LOCATION: Toronto SIZE: Approximately 53,000 square feet COST: $6.5 million COMPLETION: 2018 ARCHITECT: ERA Architects & LGA Architectural Partners CONSTRUCTION LEAD: EllisDon MANUFACTURING PARTNER: CRH Canada
The Evergreen Brick Works site has quickly become a point of pride for Torontonians—an abandoned brickmaking factory in the center of a verdant valley was repurposed in 2010 as a progressive community center, with farmers’ markets, sustainability and nature workshops, and even picture-perfect weddings. But there was one key aspect of the site that remained relatively untouched: the Kiln Building, which historically held the kilns that fired the bricks made here until the site was shuttered in 1984.
Now it’s the Kiln Building’s turn for revitalization. In 2017, Evergreen brought together LGA Architectural Partners, the City of Toronto’s Heritage Preservation Services, Ontario Heritage Trust, and the Toronto and Region Conservation Authority to retrofit the building through an innovative carbon-neutral design. Phase 1 of the project was completed in spring 2018, allowing the Kiln Building to reopen as an event and educational space. Phase 2, which includes installation of a solar panel system and creation of a Kiln Gallery, began in the summer. The Kiln Building will be the national hub for Future Cities Canada, a new city-building initiative launched in 2018.
A Rich Heritage
Built in the 1950s and designated as a heritage structure by both municipal and provincial authorities, the design team decided early to leave as much intact as possible. “Our approach was to take an ultra-light touch,” says Drew Adams, the project architect. “The building was just so incredible to begin with. How do you negotiate really celebrating this long history of the site while thinking about the future history of the site and laying the groundwork for that, which is this phenomenal environmental community center in the heart of Toronto? As well as being historic, it’s also very young.”
But that ultra-light touch also needed to accommodate a commitment to sustainability, as evidenced in the other buildings on the Evergreen campus. “LEED, passive house, and net zero didn’t really make sense,” Adams says. “So we started thinking about carbon neutral.” To achieve that, the building’s heating and cooling systems make liberal use of solar and geothermal systems. Compared to a conventional approach, this system is predicted to eliminate 647 tons of carbon annually.
A Greener Footprint
In a particularly innovative twist, the Kiln Building team is also factoring in carbon offsets for the entire construction process, including the electrical load. “EllisDon has been tracking the power it takes to power equipment and deliver things,” Drew says. “We’re trying to encourage people to not just look at the footprint of the materials but also the construction process energy—which is really interesting.”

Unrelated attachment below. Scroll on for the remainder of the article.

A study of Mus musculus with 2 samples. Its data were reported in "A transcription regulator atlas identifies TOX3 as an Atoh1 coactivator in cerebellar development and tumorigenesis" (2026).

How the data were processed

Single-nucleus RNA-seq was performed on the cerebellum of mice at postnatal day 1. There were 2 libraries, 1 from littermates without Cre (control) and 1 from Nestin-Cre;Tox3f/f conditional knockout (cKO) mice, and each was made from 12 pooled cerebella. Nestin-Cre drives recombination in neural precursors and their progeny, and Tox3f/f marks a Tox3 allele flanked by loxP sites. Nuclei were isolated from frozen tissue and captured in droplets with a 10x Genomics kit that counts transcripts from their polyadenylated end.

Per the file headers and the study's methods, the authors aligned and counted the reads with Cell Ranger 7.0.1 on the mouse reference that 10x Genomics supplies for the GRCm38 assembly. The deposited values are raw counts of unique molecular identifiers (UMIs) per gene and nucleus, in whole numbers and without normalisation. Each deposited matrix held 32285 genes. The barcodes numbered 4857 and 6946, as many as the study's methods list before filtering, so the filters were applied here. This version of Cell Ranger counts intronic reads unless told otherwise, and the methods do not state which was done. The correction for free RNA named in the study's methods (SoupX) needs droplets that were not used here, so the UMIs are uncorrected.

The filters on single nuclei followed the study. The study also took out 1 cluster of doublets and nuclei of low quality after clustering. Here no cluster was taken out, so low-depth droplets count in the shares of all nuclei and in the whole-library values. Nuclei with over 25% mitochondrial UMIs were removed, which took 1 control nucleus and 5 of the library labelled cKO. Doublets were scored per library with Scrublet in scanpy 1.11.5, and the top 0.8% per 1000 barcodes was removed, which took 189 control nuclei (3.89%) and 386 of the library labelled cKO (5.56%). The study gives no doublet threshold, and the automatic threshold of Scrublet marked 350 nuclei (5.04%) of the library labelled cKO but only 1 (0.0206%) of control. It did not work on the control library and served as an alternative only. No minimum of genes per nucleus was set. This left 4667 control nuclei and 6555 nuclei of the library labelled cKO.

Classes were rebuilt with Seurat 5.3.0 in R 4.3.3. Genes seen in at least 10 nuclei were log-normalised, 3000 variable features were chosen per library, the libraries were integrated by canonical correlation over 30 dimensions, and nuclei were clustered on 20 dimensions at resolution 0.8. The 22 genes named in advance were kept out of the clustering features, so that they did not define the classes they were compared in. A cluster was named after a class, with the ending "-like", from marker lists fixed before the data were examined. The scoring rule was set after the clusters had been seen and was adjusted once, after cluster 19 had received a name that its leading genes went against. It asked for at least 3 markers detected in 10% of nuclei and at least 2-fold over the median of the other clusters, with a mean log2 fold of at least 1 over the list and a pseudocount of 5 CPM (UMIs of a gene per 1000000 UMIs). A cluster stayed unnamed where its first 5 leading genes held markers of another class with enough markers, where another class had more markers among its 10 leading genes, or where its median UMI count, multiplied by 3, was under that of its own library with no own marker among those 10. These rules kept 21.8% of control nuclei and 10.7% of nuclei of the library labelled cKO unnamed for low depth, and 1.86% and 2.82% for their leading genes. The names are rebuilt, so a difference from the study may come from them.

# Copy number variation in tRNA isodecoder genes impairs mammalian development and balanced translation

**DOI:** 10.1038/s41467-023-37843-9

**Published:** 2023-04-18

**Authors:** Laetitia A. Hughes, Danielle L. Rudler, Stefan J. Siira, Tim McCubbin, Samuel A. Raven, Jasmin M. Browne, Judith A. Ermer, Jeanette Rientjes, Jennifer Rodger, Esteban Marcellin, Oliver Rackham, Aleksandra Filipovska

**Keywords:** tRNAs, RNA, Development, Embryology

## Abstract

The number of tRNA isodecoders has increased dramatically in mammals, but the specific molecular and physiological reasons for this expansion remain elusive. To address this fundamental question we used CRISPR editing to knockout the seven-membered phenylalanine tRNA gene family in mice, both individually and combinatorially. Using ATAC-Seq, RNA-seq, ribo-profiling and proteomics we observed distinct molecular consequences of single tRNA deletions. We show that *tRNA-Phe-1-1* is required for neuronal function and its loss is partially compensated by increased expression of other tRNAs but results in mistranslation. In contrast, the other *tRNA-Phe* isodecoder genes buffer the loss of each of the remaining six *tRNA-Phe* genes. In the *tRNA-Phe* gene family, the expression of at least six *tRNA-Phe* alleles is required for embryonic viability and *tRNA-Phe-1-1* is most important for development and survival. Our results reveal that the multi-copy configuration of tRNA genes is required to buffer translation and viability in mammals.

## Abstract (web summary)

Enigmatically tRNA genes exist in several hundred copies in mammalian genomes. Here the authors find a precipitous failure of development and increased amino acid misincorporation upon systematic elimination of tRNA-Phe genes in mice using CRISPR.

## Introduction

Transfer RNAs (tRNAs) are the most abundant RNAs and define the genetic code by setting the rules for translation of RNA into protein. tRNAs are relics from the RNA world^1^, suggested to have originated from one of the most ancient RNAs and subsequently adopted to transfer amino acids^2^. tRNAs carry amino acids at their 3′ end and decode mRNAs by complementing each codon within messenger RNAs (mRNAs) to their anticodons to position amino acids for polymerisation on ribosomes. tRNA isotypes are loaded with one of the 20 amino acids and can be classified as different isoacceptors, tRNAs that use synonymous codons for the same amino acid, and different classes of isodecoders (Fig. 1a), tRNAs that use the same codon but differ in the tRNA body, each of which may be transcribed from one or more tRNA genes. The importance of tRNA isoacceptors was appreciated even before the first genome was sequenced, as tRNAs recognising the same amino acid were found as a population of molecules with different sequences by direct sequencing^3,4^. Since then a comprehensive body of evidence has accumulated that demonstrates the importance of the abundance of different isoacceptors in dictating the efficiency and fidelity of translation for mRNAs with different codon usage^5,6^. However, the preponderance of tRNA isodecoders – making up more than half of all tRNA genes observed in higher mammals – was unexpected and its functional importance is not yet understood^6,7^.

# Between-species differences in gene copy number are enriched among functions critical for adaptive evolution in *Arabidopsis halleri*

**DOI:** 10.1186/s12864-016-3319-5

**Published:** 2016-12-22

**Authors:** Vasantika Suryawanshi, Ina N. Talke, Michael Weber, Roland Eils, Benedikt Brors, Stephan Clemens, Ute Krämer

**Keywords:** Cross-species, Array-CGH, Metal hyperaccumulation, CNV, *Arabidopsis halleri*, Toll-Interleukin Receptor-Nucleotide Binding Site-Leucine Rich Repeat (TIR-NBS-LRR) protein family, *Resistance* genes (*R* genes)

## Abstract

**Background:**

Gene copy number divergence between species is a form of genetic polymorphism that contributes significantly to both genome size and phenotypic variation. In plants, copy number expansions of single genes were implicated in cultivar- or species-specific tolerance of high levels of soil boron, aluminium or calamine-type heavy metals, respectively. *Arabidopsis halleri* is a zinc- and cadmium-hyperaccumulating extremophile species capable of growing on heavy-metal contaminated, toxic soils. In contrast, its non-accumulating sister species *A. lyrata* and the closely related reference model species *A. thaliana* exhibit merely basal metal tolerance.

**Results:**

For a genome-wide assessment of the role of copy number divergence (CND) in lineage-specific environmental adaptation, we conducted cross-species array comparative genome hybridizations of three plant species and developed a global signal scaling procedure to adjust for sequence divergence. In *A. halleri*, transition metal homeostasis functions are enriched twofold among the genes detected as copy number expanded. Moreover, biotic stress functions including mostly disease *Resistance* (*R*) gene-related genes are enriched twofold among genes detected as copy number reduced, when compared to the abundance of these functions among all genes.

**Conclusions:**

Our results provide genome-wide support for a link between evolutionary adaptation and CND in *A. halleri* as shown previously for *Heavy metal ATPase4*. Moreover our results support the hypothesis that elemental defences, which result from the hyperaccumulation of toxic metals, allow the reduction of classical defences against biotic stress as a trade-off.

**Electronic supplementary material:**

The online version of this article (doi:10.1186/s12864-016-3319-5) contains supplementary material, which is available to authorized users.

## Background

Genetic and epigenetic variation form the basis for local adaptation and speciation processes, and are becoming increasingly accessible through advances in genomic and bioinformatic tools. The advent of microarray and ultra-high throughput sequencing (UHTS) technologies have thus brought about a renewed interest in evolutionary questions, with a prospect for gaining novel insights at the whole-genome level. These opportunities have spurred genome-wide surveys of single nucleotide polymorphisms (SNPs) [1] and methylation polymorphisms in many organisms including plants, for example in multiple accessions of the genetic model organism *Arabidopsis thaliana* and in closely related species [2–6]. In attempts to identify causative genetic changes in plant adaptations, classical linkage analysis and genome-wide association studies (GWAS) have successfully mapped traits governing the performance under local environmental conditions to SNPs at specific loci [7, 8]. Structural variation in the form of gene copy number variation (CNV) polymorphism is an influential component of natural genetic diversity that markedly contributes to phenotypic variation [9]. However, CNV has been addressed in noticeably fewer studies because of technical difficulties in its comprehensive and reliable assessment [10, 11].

Faithful to the preservation of the original building, the amount of new construction is actually quite small, which has helped to limit the footprint. But some of the new infrastructure includes piping, lighting, raising the floor, and one of the largest gender-neutral bathrooms in the province.
But the building’s purpose—chiefly, community and educational events—has given designers greater flexibility in their range of options. “It’s not intended to be conditioned as a Class A office space year-round,” Adams says. “It’s going to be a little warmer in the summertime and a little cooler in the wintertime. Evergreen is going to tell people to bring a coat for winter events. It’s a huge shift in the design philosophy, but it’s based on the idea of heating and cooling people, not spaces. This is about changing the conditioning of a building, but it’s also about changing frames of mind.”
They ultimately settled on radiant in-floor heating and cooling, with a solar thermal system of almost 300 panels that ties into a geothermal system of almost 50 boreholes dug 50 feet deep. “They asked us to do something really ambitious on the sustainability front, and we spent a lot of time talking about appropriate standards for a one-of-a-kind building,” Adams says.
The Evergreen campus continues to evolve, and Adams says the Kiln Building has inspired new ways of thinking about how to make the campus’ other structures net zero. “The first building was Platinum and that seemed really appropriate for the time and place, and now ours is carbon neutral,” he says. “A third building seems to lend itself to a passive house approach, and another could work with a double-skin curtain wall outside the original brick building. Maybe it’s not that all of your buildings are LEED, but you might look to build a whole campus of high performing buildings.”